Conrad's favourite lawyer (June 28, 2007)

Fast Eddie’s bullying ‘brilliance’

I don’t pretend to know whether a jury of his lessers will find our own British peer, the peerless Conrad Black, guilty of any or all of the many and various complicated crimes with which he is charged. I hope they do, not so much because I believe the evidence supports the verdict (like others who’ve followed his Chicago trial, I vacillate on the question of whether Conrad is criminal or merely crass), but because, if Black is found guilty, we will be spared yet another torrent of breathless stories about the “the brilliant cross-examiner with the deadly mouth” who is “one of the most famous criminal defence lawyers in Canada.”

Spare me.

OK, OK. Edward Greenspan, Conrad’s longtime buddy and chief courtroom blusterer, is definitely famous. Partly for his fascinating but long-ago CBC series, The Scales of Justice. But mostly for the litany of high-profile clients he’s defended. Wife murderers Helmuth Buxbaum and Peter Demeter, entertainment mogul Garth Drabinsky, German wheeler-dealer and former Mulroney confidant Karlheinz Schreiber and, of course, our own former premier and accused-but-acquitted serial sexual assaulter Gerald Regan.

But the reality is that Greenspan has not always been successful, even in those famous cases. Demeter and Buxbaum were both convicted, and Karlheinz Schreiber is currently awaiting extradition to Germany.


I’ve only watched Greenspan up close once — during Regan’s 1998 trial on eight sex-related charges, including rape and attempted rape — and I came away with mixed feelings.

There is no question Greenspan is an indefatigable advocate, single-mindedly dedicated to his clients.

But he crosses lines.

During the early stages of the Regan investigation, for example, Greenspan falsely claimed publicly that one of Regan’s accusers — a 14-year-old girl who, in the arcane words of the old law under which he’d been charged, was “of previously chaste character” — “was known and seen to have been pregnant with an illegitimate child” before the alleged assault. Despite Greenspan’s later best efforts in court, the evidence showed the pregnancy occurred years after the assault. But it didn’t matter. The damage had been done. Which appears to have been the point.

Greenspan’s much touted brilliance in cross examination, in fact, often seemed to me to be little more than beside-the-point bullying. When the same now-middle-aged woman testified Regan had raped her in a gravel pit in 1956, Greenspan used the fact she couldn’t find the gravel pit — 43 years later —to relentlessly discredit all her allegations. (The jury never heard that, after her testimony, other people called police and prosecutors to point out the location of the pit.)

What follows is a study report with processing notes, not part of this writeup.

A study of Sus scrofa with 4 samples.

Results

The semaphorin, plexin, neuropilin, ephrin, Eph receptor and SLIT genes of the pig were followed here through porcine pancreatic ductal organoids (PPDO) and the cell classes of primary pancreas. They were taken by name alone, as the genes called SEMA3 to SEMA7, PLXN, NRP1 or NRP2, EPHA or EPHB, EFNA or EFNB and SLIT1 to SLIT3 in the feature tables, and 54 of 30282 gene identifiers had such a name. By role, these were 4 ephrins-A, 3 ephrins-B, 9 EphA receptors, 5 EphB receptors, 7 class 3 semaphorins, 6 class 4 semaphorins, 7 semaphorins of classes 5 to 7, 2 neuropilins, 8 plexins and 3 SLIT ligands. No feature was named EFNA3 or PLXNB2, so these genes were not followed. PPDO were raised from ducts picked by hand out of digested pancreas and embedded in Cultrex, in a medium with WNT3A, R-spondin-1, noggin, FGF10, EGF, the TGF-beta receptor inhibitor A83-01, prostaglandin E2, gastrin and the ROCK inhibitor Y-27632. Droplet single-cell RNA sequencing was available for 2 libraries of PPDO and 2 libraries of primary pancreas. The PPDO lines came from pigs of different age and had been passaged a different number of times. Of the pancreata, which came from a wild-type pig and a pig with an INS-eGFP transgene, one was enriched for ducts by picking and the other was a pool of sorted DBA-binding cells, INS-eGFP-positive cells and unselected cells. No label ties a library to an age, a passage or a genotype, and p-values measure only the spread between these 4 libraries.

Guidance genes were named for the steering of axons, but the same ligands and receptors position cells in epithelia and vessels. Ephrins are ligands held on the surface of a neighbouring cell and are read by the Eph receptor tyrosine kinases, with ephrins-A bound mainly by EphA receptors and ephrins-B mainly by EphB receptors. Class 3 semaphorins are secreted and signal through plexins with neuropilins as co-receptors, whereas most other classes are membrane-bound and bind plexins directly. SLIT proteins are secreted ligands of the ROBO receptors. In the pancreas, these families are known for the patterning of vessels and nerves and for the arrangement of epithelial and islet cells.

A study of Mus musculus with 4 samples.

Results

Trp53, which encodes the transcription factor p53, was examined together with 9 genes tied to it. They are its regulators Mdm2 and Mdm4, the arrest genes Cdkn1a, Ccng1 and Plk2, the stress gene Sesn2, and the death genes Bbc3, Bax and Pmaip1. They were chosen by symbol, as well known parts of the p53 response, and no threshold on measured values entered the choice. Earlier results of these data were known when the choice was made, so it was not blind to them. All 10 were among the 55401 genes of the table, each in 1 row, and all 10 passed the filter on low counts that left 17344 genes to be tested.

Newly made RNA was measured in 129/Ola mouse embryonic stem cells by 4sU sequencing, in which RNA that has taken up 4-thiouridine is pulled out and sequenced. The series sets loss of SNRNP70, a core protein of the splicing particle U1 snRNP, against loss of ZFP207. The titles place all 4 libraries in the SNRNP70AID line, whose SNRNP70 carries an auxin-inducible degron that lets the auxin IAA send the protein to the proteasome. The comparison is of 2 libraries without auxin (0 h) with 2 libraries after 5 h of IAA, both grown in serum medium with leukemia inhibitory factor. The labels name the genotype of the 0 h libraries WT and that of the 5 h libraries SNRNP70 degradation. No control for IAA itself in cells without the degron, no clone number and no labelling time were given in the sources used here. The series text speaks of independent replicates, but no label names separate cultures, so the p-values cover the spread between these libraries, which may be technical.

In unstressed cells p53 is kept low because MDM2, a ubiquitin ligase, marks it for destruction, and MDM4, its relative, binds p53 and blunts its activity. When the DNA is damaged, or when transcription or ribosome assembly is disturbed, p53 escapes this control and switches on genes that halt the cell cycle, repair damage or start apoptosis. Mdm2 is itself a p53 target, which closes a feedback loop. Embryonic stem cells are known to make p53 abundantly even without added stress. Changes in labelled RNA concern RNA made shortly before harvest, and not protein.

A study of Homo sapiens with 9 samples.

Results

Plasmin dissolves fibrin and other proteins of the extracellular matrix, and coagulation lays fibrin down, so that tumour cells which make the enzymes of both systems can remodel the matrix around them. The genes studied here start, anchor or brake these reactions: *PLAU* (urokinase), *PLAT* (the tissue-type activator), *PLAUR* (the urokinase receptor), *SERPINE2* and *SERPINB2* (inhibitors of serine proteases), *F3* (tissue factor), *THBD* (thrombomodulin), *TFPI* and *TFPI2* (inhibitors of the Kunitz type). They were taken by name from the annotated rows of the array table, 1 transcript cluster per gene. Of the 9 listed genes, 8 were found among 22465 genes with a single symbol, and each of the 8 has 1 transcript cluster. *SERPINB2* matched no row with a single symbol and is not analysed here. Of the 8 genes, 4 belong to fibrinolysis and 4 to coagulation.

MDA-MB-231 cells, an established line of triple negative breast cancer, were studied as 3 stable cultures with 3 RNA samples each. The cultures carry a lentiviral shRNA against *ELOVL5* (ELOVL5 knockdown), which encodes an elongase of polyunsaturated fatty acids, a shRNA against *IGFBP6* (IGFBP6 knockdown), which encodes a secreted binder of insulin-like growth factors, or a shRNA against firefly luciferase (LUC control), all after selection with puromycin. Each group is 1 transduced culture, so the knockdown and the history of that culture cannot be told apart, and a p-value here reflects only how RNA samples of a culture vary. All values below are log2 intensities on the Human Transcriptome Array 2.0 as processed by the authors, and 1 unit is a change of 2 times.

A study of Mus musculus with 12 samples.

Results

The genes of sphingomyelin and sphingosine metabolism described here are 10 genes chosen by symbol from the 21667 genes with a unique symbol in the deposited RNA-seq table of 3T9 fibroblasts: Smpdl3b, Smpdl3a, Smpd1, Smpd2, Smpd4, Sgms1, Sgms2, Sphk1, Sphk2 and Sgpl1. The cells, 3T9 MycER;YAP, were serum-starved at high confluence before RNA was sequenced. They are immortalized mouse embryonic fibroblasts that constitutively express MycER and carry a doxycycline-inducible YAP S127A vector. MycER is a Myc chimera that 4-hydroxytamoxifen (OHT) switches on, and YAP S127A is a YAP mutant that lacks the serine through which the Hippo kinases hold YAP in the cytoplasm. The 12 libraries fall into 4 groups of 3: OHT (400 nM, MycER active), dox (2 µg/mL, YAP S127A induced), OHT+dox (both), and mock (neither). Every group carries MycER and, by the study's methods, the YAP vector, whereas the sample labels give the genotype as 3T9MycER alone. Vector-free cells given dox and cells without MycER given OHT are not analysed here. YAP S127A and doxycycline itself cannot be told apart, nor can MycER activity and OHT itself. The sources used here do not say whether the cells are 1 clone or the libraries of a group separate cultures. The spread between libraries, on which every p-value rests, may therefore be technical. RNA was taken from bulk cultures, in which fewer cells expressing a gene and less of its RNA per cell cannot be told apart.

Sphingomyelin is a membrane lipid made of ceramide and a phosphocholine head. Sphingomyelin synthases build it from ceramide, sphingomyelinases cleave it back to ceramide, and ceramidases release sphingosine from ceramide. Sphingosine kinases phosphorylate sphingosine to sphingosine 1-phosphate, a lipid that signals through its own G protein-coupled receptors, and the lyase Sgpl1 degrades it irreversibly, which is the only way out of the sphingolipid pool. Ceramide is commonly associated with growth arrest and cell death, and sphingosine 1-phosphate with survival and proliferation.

Greenspan’s attack on another complainant — a former Liberal secretary who claimed Regan tried to rape her in 1969 — was even more beside the point. Greenspan had discovered that, 30 years before, she had falsified a school document so she could enter Grade 10 with her friends instead of spending another year in junior high. He badgered her mercilessly. If she’d lied about that, Greenspan harangued, she’d lie about anything.

Greenspan, of course, won the Regan case.

But I was curious to see how well this blustering, take-no-prisoners style would play when the witness in front of him was not an otherwise unsophisticated woman trying to recall traumatic events from decades before but a savvy publishing executive who’d confessed to having been part of the very crime for which his client was also accused.

Soon after Greenspan’s cross-examination of David Radler began, Stephen Foley, covering the trial for Britain’s Independent newspaper, concluded “the tide [of jury sympathy] turned [against Black] after a shambolic start to the cross-examination of Mr. Radler by… Greenspan, whose nickname, ‘Fast Eddie,’ never appeared more inappropriate.” Ouch.

Worse, others doubted Greenspan’s strategy of basing Black’s defence on arguing Radler was not only a “serial liar” but also the only criminal involved.

“Which begs the question,” wrote the Toronto Star’s David Olive: “Why did Black see fit to confide in, rely upon as his chief business strategist and lavishly praise David Radler during the entirety of their 34-year business and social relationship?… Was it that Black was so heartily satisfied with Radler’s role in building Black’s own fortune over the decades that he couldn’t imagine a more conducive corporate soulmate?”

Given that the judge this week offered jurors what’s known as the “ostrich instruction” — also used in the Enron and WorldCom fraud cases — allowing them to convict if they believe Black willfully blinded himself to the fact a crime was being committed, that may turn out to have been a strategic error of gargantuan proportions.

Hold your breath.

Stephen Kimber is the Rogers Communications Chair in Journalism at the University of King’s College. His column, “Kimber’s Nova Scotia,” appears in the Sunday Daily News.